Much of what I wrote focuses on Durang's artistic relationship with the Catholic Church. Look for a hard copy to find out more! Here's a taste of what I said about the Roundabout's production:
Not all the cast members seem comfortable in the play’s world. Bette’s sister Emily, played by Heather Burns, is too one-dimensional, constantly hysterical to the point of tedium. The other sister, Joan, is a grouch, but Zoe Lister-Jones makes her incongruously sarcastic where she ought to be simply bitter. And Matt’s earnest speeches tend to drag, while a few come off as wan stand-up routines. But Victoria Clark is a marvel as Margaret, straining to keep smiling through one tragedy after another, and she is nearly matched by Julie Hagerty’s giggling, heartbreaking Soot. With a subtle shift of the eyes, Christopher Evan Welch carries Boo from earnest young bridegroom to middle-aged, addlebrained drunk, surveying his failures with a haunted stare. And Kate Jennings Grant steps nimbly through Bette’s distracted monologues, gradually adding depth until her nonsensical prattling seems pitiful and real.I also said Terry Beaver was "splendid" as Father Donnally. That reminds me... I already told you about the dreadful behavior of the first audience I saw the play with. I saw it again, weeks later, with a much more attentive audience -- including an elderly priest! In his clerics! I wonder, would I have seen that in 1985?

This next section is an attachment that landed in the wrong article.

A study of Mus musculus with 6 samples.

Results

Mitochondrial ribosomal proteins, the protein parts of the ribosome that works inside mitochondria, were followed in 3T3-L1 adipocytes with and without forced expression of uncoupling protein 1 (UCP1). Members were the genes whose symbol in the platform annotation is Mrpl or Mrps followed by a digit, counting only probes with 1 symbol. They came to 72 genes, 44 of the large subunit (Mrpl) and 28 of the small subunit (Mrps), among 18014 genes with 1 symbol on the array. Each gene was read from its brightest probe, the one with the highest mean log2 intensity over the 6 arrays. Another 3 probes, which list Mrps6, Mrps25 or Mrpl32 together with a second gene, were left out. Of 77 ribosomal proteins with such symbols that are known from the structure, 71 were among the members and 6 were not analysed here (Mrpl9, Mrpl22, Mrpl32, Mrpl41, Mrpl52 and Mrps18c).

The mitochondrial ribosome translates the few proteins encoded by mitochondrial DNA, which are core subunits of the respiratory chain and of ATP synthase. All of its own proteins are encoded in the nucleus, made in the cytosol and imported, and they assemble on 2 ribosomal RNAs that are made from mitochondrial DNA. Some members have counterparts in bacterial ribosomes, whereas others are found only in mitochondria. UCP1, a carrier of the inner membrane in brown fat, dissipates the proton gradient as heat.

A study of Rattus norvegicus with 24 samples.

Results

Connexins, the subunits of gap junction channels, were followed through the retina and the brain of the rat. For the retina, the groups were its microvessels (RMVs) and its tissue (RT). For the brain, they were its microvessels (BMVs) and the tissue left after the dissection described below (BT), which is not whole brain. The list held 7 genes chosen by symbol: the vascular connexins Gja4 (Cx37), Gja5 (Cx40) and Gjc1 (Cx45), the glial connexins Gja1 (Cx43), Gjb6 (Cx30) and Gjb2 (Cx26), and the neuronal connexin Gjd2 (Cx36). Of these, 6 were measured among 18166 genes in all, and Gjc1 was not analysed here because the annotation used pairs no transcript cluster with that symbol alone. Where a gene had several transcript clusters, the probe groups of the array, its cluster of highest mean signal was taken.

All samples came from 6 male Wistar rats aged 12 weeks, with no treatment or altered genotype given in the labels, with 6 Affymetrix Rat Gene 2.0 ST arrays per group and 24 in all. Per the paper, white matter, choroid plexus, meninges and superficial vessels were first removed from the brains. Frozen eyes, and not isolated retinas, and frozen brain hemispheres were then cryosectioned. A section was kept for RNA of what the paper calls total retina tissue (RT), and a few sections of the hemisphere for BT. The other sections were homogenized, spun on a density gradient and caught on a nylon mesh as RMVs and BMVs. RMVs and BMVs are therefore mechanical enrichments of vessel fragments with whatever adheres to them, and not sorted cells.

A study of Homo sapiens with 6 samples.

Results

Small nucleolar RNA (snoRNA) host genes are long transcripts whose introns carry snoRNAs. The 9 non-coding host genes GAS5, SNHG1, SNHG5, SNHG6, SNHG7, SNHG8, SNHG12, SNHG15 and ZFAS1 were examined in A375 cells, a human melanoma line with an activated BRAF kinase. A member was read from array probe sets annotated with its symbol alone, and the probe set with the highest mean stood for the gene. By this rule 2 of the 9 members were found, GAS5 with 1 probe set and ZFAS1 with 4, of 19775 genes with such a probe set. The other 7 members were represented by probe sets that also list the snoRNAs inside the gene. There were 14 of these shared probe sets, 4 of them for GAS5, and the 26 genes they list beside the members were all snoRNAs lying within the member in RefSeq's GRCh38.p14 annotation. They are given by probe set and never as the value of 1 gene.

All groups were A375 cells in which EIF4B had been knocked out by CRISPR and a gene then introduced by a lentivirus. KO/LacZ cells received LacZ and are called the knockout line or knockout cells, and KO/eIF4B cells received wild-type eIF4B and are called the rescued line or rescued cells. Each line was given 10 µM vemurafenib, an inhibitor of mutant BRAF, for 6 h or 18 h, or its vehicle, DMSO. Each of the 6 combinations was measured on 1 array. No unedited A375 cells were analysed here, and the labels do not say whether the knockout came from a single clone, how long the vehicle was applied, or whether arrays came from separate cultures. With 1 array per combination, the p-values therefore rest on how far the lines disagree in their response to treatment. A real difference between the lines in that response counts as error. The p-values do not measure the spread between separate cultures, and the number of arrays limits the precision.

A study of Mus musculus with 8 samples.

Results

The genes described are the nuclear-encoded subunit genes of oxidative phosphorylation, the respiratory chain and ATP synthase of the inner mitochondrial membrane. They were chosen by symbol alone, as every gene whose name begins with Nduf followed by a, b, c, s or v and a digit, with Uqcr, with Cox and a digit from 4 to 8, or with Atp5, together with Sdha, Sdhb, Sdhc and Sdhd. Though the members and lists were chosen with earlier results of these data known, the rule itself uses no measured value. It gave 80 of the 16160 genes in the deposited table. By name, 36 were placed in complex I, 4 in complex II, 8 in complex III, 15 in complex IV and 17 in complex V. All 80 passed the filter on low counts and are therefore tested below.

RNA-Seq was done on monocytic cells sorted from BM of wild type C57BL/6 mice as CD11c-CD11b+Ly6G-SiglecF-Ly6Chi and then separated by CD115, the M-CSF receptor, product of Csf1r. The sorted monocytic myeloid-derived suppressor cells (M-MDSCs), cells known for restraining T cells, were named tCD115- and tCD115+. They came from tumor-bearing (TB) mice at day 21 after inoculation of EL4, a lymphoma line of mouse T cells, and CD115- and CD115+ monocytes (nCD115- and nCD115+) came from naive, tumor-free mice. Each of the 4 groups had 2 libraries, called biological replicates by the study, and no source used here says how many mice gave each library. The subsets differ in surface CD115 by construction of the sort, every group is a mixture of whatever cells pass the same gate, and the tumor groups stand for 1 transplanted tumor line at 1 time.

P.S. I didn't know my Commonweal piece would be called "Bleak House" till I saw it in print. But it's a good title, not least because it echoes one of my favorite Durang jokes, from the Woman's monologue in Laughing Wild:
"My favorite book is Bleak House. Not the book, but the title. I haven't read the book. I've read the title. The title sounds the way I feel."